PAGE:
Saturday, April 2, 2011

Saturday Night Movie Recommendations with Abe

Welcome to a new weekly feature here at Movies With Abe. Absent a wealth of new film reviews during the weekend, I’d like to start providing a handy guide to a few choice movies currently playing in NYC as well as several films newly released on DVD. I’ll also aim to comment on those films I have not yet had the chance to see, and I invite you to add in your thoughts on any films I haven’t seen in the comments below. Understandably, some weeks will have considerably fewer releases to address than others.

Now Playing in NYC

In a Better World (highly recommended): I wrote positive things about this film back in February before it won the Oscar for Best Foreign Film, and I’ll have a full review up tomorrow highlighting all its terrific components. Essentially, don’t take my word for it – go out and see it yourself. It’s well worth it, and I’d call it the best film of 2011 so far. Now playing at the Landmark Sunshine and Lincoln Plaza.

Super (anti-recommended): To learn that this film is playing at the same cinema as the above film is appalling, and I can’t fathom why that is. If you didn’t catch my review from yesterday, take a read and hopefully that can adequately convey how much of a horrific failure this film that could have been superb is. Please do not visit either the Landmark Sunshine or Clearview’s 1st & 62nd St theatre to see this movie. Please.

That’s all I’ve seen in terms of new releases this week. I’d love to see Source Code for its popcorn potential, so hopefully I’ll get around to that soon. Trust with Clive Owen looks intense and could be good, and that’s playing at AMC theatres in the city only, it appears. Cat Run is described in its press release as “hilariously violent,” which isn’t really much of an appeal. Have you seen anything good that’s currently out in theatres?

New to DVD

Fair Game and Made in Dagenham (both recommended): Two films that mysteriously didn’t receive any awards attention despite starring Naomi Watts and Sean Penn, and Sally Hawkins, Miranda Richardson, and Bob Hoskins, respectively. The former is a taut political thriller that both intrigues and entertains, featuring strong performances from both its stars. The latter is a light-hearted drama about a surprisingly little-known women’s union strike in the 1960s, featuring fun performances and some occasional moving serious content.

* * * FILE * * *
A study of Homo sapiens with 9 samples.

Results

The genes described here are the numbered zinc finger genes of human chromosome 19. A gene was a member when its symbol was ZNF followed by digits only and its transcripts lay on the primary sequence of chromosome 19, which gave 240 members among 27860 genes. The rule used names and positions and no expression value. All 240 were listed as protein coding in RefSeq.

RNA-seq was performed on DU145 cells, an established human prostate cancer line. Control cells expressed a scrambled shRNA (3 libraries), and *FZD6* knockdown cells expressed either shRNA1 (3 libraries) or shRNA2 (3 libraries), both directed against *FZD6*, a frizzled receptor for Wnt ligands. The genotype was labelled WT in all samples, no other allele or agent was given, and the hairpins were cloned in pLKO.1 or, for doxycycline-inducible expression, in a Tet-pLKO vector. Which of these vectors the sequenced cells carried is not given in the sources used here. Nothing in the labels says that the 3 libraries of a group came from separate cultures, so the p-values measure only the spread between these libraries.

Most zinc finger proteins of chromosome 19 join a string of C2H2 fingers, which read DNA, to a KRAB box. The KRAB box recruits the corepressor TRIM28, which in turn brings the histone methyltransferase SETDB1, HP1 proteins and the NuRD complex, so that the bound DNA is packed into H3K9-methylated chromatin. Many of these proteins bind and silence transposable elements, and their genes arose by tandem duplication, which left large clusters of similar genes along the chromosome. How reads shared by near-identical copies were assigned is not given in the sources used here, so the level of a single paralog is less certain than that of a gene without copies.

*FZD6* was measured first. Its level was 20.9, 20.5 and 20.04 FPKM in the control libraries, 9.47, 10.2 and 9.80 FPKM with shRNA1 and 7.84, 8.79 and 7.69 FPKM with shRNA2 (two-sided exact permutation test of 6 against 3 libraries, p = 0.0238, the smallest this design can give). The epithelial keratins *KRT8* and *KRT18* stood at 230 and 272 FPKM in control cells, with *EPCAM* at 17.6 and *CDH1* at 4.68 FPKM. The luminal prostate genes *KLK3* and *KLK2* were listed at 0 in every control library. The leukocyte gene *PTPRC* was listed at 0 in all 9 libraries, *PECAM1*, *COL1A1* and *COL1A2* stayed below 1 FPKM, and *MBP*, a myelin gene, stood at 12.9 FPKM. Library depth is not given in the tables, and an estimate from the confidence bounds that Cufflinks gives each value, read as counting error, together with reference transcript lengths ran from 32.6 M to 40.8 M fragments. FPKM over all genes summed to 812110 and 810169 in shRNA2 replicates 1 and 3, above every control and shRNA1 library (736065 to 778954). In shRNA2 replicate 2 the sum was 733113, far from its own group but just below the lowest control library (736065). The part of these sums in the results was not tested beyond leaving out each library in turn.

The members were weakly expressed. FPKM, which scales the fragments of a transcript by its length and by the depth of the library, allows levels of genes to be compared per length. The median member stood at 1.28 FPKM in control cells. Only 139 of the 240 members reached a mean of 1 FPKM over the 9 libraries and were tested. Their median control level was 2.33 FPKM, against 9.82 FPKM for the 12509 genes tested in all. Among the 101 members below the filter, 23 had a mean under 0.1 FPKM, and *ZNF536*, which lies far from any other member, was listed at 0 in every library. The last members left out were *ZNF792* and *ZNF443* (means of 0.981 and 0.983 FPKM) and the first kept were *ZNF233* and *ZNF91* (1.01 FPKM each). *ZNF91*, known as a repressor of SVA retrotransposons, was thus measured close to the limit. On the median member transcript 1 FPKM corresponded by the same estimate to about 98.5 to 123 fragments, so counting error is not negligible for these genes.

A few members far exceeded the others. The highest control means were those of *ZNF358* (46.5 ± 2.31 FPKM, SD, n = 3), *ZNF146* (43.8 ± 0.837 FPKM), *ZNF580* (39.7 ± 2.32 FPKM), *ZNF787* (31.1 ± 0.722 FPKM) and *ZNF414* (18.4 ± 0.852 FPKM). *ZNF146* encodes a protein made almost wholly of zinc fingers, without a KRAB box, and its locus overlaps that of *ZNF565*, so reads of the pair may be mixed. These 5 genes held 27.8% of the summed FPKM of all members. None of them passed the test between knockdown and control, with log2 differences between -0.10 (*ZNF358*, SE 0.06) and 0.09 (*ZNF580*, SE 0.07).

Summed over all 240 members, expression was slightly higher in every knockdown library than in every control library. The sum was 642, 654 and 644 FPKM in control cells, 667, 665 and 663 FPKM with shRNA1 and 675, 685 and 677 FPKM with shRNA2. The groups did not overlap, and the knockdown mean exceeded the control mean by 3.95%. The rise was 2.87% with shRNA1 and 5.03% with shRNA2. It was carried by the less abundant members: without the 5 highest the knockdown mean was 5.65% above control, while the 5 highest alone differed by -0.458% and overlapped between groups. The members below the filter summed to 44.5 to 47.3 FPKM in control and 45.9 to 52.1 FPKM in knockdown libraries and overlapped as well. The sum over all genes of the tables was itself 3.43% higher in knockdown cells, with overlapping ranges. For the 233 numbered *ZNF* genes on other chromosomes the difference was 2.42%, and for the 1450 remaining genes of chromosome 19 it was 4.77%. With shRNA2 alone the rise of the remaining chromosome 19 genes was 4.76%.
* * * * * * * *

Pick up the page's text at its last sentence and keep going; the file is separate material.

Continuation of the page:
Tangled (highly recommended): One of my top ten films of the year somehow missed the boat in the Best Animated Feature Oscar race. While 2010 was indisputably the year of “Toy Story 3,” this should have been the de facto second slot holder, not “How to Train Your Dragon.” It’s an original, imaginative, and wildly enthralling take on a classic fairy tale featuring some great music and quality storytelling.

Black Swan (mixed bag): This was one of two films (the other was “True Grit”) that was bombarded with awards attention and just didn’t do it for me, which as a result garnered increased resentment from me as it won more and more trophies. It simply didn’t wow me like some of Aronofsky’s past films have, and I can’t quite understand why everyone loves it. Still, it was a Best Picture nominee, and it’s worth seeing if you don’t mind the risk of some truly terrifying nightmares.

All Good Things (anti-recommended): This Ryan Gosling film about an unhappy couple isn’t the one from 2010 that you want to see. It’s a very loosely and lazily fictionalized dramatization of what’s been deemed the “most notorious unsolved murder case in New York history” that spends altogether too much time wallowing in its own darkness to get anywhere productive. Not worth the time at all.